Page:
5 Steve Jobs Methods to Avoid VR’s Failure in 2017
Tried-and-true marketing that VR must adopt before it’s too late
- The fake-looking butterfly photo
- The woman in a headset staring at an Intel logo (photo is below)
Steve Jobs focused on ways to direct imagination while unlocking creativity. These are the tried-and-true tactics VR companies (like Oculus) must use or face extinction (e.g. Google Glass):
1) Sell Experiences, Not Products
I’ve never quite understood a creative director’s pains until I saw the poster above (to the right). Make me a Jedi Warrior or even a stormtrooper; I don’t care. Just as long as you don’t show me another picture of person staring at an Intel logo!
Today, people value experiences over possessions and would rather rent than own. Rather than ask people to change their mentalities, why not speak with words we listen to?
When consumers are willing to pay per ticket for VR experiences but unwilling to try a full demo at the local Best Buy for free, something’s got to change!
Now, compare this with the $15 to $25 a movie on the Oculus Store plus the device price ($800*) and cost of a new computer ($1,000). You’d need to see a lot of movies to break even! (And the quality of the movie wouldn’t be as good.)
2) Have a Clear Unique Selling Proposition
Consumers have limited income. Every purchase limits their option to get other items.
When marketing tries to appeal to everyone and announces that VR is a tool that can do anything, consumers are left unclear on the reason to buy it. A consumer’s unanswered question is simple:
“Why should I buy this instead of a TV?”
Note: replace TV with whatever you would spend $800* on (e.g. a computer or vacation).
With the introduction of every Apple product, Steve Jobs compared the products to household items so everyone could understand the tangible benefits.
In 2001, Steve Jobs announced that the iPod could hold your audio library (“1,000 songs in your pocket”) at a time when the CD player was struggling with 25 songs.
Likewise, when the “world’s thinnest notebook” (the MacBook Air) was announced in 2008, Jobs hid it in a Manila Envelop, something that every white-collar used in their office.
For me, I see clear advantages for VR in the enterprise space: VR allows you to make & save boatloads of money (yes, boatloads!).
Unfortunately, in the consumer space, that benefit isn’t being communicated effectively yet. Oculus and HTC are pushing consumer games and entertainment as the reason to buy a device, but if I role play as an unbiased consumer, this would be my first question:
Why should I pay $800+ for a device that is marginally better and has limited games that I can’t share with others?
3) Be the Hero of the Industry
When Steve introduced the iPhone for the first time, he outlined major pitfalls with current devices like plastic keys and a “yucky” stylus.
After Steve conveyed his frustrations the audience, they started to realize the compromises they’d been making at the time.
Then, once the current limitations were established, Steve swooped in to save the day with Apple’s “Revolutionary UI” and talked about the benefits of contextual UIs. Thus he made the then popular phone manufacturers the antagonists (sorry BlackBerry!).
Oculus and HTC can better outline the problems with current technology and outline improvements that VR will have on life (rather than using VR for better baby photos**).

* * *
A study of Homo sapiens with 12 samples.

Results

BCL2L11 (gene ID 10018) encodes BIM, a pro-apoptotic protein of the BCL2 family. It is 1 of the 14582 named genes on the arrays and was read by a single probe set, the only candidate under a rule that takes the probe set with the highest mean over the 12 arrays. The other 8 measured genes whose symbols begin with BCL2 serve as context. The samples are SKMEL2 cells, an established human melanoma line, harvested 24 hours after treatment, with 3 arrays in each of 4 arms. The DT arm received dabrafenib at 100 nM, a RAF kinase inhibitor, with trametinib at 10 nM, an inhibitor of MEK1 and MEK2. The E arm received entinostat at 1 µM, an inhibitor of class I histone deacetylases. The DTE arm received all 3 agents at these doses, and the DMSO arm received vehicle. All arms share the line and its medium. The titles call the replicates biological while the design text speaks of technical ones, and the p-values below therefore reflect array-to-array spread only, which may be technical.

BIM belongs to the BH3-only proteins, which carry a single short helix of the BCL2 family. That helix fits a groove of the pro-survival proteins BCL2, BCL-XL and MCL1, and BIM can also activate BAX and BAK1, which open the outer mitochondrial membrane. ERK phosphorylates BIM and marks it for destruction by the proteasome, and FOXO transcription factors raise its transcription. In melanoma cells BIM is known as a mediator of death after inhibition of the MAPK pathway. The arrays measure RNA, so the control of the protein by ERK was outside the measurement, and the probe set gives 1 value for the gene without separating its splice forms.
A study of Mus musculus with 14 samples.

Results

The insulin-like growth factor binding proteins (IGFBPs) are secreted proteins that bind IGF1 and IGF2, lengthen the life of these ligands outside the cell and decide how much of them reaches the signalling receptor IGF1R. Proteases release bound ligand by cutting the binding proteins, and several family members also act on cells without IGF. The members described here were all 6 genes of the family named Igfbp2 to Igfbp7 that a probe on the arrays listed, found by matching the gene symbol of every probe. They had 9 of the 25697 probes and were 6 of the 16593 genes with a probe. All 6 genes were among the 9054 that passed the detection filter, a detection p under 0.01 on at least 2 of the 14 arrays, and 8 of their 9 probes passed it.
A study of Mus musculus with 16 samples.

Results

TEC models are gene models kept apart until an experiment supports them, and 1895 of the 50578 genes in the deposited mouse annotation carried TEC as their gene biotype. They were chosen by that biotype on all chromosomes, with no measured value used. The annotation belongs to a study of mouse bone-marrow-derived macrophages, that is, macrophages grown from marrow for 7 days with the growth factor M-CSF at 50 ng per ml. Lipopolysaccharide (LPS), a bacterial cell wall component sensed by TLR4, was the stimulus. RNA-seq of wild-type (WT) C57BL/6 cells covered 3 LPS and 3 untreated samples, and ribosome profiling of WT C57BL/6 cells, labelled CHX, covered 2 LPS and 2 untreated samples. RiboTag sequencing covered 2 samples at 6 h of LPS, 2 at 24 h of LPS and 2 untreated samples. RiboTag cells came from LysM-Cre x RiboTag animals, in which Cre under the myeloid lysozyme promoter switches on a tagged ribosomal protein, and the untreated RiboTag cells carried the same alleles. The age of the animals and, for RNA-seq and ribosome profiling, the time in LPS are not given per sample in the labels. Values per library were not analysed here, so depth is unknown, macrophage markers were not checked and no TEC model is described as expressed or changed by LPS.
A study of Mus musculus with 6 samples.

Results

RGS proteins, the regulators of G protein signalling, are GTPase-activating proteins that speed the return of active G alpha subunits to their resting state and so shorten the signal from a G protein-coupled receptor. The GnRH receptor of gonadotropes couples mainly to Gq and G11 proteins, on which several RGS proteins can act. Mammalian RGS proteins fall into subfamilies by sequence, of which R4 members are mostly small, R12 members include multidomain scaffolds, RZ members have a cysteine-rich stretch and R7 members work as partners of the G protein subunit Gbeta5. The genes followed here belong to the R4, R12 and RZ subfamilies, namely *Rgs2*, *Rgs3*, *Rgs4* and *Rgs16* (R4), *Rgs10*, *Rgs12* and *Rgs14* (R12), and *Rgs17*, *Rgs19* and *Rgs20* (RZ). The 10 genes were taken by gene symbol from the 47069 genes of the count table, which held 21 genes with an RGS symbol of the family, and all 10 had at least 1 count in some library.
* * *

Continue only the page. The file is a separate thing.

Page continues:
4) Turn Customers Into Evangelists
Steve Jobs undeniably a master story teller and influencer.
His passion for every product he released was so contagious that it often extended to Apple’s customers. Customers believe in the brand so strongly that they pay hefty sums for products and even recommend Apple without being paid to do so! (i.e. Apple Fanboys)
In contrast, Oculus has been known to provide developers with little to no feedback especially for app submissions and have made it difficult for developers to share their apps freely. (Which are both unforgivable and two of the main reasons I created ConstructVR.io.)
5) Invoke Emotion in Sales Messages
I realize there’s a tendency for us (developers) to talk about features (like FOVs, 6DoF, FPS, etc) but these numbers mean very little to non-technical people.
One thing Oculus can do a better job on is to invoke emotion with the presentations they make. When I talk to Creative Directors and Artists, I immediate realize that they use a wide vocabulary of Sense Words to stimulate emotion e.g. Steve loved to use words like “phenomenal” and “beautiful”.
* I realize that Oculus recently lowered their price but at the time of writing/research it was $800 and the Vive is priced at $800 as well
** There are those of you that want higher quality/better baby photos and I apologize ahead of time!
Summary — 5 Ways to Prevent VR from Failing in 2017
- Sell Experiences, Not Products
- Have a Clear Unique Selling Proposition
- Be the Hero of the Industry
- Turn Customers Into Evangelists
- Invoke Emotion in Sales Messages
If you’re listening Oculus, please captivate my imagination by showing me alternate worlds. VR has to ability for me to be whomever I choose, a Jedi Master or even Princess Peach. Try partnering with companies that have established fan bases to propel VR into mainstream. (e.g. Star Wars, Star Trek, World of Warcraft, Overwatch, etc.)
Always be learning,
Chris Tan is the CEO and Co-founder of ConstructVR.io. He is a Y Combinator Alumni from Vancouver, Canada and now lives in San Francisco, CA where he spends his free time meeting other VR enthusiasts.